Raccoon Procyon lotor
Population of this North American predator in Poland was founded around 1990 by individuals immigrating from eastern Germany after their introduction there before WW II. By now the species invaded the western part of the country. Recently racoons are more and more popular as pets. As a consequence, the number of records of individuals that escaped or were released is increasing throughout Poland. Raccoons are omnivorous and may have negative impact not only on ground-nesting birds but, thanks to climbing skills, also on species breeding over the ground. In addition, a nematode Baylisascaris procyonis, carried by racoons, may be dangerous for humans. Any information on occurrence of this species is very precious.
Grey squirrel Sciurus carolinensis
The North American Grey squirrel carries a poxvirus that poses a deadly threat for the European red squirrels. The greys are also effective competitors for food. Their invasion on the British Isles, started by introduction in 1850s, led to dramatic decrease in the native squirrels and locally, to its complete extirpation. A similar scenario, albeit on a smaller scale, continues in northern Italy – the other area of Grey squirrel occurrence in Europe. There are no confirmed records of this species in Poland yet. However, there are recent cases of keeping it as pets. Although this fashion is not popular, there is a risk of escapes and deliberate releases of captive animals into the wild. Therefore any information on keeping of this species and any records of free-ranging Grey squirrels are very important. It should be remembered, however, that there is a risk of misidentification with dark form of the native red squirrel.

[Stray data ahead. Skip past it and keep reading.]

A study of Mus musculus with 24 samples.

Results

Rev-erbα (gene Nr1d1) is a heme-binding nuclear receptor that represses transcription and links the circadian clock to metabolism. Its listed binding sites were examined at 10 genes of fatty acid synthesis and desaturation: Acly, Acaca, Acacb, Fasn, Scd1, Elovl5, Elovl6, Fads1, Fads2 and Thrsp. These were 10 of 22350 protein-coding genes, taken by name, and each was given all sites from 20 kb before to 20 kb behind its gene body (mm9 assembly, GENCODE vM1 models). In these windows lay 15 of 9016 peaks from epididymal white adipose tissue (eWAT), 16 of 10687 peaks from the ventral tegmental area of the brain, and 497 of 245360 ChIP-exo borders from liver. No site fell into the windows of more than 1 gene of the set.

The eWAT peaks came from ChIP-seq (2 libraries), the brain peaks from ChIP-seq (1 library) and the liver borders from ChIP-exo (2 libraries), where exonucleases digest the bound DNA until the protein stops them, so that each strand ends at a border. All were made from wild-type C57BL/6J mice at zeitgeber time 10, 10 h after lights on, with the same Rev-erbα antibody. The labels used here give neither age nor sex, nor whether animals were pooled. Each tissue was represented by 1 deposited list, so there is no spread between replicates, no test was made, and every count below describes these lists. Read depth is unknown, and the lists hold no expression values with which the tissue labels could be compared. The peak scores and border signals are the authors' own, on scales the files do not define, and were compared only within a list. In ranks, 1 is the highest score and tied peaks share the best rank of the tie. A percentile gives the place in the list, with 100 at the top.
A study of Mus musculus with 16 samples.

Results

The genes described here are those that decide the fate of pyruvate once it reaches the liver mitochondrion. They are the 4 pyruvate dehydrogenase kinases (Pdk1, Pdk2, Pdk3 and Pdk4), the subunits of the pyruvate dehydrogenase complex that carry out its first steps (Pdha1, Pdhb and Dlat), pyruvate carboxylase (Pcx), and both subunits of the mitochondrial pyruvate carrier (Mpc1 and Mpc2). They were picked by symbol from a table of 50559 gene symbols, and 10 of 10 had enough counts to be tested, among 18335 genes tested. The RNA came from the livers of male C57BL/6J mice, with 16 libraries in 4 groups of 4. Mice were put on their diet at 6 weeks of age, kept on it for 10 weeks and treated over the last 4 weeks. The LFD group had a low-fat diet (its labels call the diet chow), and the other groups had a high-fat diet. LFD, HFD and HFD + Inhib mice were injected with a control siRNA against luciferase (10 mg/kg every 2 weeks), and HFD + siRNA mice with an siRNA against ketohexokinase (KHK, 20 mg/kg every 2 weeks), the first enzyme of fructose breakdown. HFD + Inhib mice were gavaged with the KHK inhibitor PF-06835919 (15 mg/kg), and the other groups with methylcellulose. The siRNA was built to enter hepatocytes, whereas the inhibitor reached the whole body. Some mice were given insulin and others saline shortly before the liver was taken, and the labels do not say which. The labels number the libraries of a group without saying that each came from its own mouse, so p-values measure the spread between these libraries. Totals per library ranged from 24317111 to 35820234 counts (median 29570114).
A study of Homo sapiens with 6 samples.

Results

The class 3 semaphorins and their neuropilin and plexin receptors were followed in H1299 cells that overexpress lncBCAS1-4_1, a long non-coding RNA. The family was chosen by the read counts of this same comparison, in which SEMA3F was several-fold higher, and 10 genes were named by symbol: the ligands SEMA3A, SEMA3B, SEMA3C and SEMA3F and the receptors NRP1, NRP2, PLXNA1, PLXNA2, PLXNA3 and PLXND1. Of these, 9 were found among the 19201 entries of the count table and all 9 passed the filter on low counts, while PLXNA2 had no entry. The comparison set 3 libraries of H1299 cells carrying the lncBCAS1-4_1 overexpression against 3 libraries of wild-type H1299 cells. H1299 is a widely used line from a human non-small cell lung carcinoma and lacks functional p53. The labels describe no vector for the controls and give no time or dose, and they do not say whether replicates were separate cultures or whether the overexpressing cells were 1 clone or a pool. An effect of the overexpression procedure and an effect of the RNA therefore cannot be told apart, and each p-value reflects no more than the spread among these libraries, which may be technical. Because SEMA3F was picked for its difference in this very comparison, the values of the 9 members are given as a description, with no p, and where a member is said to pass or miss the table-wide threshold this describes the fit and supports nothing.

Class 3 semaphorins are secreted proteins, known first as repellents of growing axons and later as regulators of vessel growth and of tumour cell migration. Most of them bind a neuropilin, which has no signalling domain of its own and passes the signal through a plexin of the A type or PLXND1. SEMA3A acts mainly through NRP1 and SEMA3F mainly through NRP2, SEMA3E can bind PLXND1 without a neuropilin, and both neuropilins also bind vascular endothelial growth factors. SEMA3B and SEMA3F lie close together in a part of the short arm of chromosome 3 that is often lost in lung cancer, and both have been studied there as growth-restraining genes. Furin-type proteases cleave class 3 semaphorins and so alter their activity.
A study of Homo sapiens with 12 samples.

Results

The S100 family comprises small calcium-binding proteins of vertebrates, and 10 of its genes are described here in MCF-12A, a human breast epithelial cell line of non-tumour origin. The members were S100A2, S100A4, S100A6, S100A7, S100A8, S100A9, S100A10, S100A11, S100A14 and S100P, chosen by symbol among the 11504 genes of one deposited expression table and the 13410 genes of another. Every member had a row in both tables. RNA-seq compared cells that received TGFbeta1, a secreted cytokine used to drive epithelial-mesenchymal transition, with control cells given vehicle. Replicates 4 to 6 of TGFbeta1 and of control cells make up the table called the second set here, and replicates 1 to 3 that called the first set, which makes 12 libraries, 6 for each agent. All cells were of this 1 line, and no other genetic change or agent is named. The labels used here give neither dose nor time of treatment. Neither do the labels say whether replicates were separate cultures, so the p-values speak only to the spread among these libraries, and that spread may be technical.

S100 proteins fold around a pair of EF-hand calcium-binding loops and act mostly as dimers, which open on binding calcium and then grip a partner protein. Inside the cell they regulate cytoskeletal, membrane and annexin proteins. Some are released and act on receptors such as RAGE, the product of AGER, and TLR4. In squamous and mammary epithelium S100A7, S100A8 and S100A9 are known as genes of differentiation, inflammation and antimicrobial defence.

Coneflower Rudbeckia laciniata
The Coneflower was introduced from North America to Europe in the 17th, and to Poland at the end of the 18th century. Ornamental values and ease of cultivation soon made it very popular garden flower. Together with removed plant material it was also spread outside gardens, although there were no records of its spread in the wild. Recently, however, in some parts of Poland (eg. in the Bieszczady Mts. in SE part of the country) a rapid expansion of this species has been recorded, particularly along streams. Locally coneflowers became so numerous that they form dense patches that effectively subdue any native vegetation. The potential consequences of this phenomenon have not been sufficiently recognized at the country scale, therefore any information on spread of this species is very important.
A Mexican Gulf clam in the Vistula Lagoon
A new article in Folia Malacologica reports discovery Gulf wegde clam Rangia cuneata in the Polish part of the Vistula lagoon.
Common wall lizard – a new alien species in Poland
A recent article in Herpetology Notes reports discovery of 2 populations of Common wall lizard Podarcis muralis in quarries near the town of Strzelin (SW Poland).
New data on alien spiders in Poland
The native population of racer goby in Poland?
Invasive Alien Species (IAS) are commonly regarded as a major threat to the biological diversity on a global scale, second only to habitat loss. Although the problem is well recognised, concerted attempts to solve it have only been undertaken within last decades few years. Collection and dissemination of information on IAS are widely recognised as crucial components for solving the problems they pose.
In 1999, the database on species introduced into Poland was developed at the Institute of Nature Conservation, Polish Academy of Sciences in Krakow for the Ministry of the Environment. In 2003, thanks to a grant from the US State Department, part of the data was translated and made accessible on the Internet.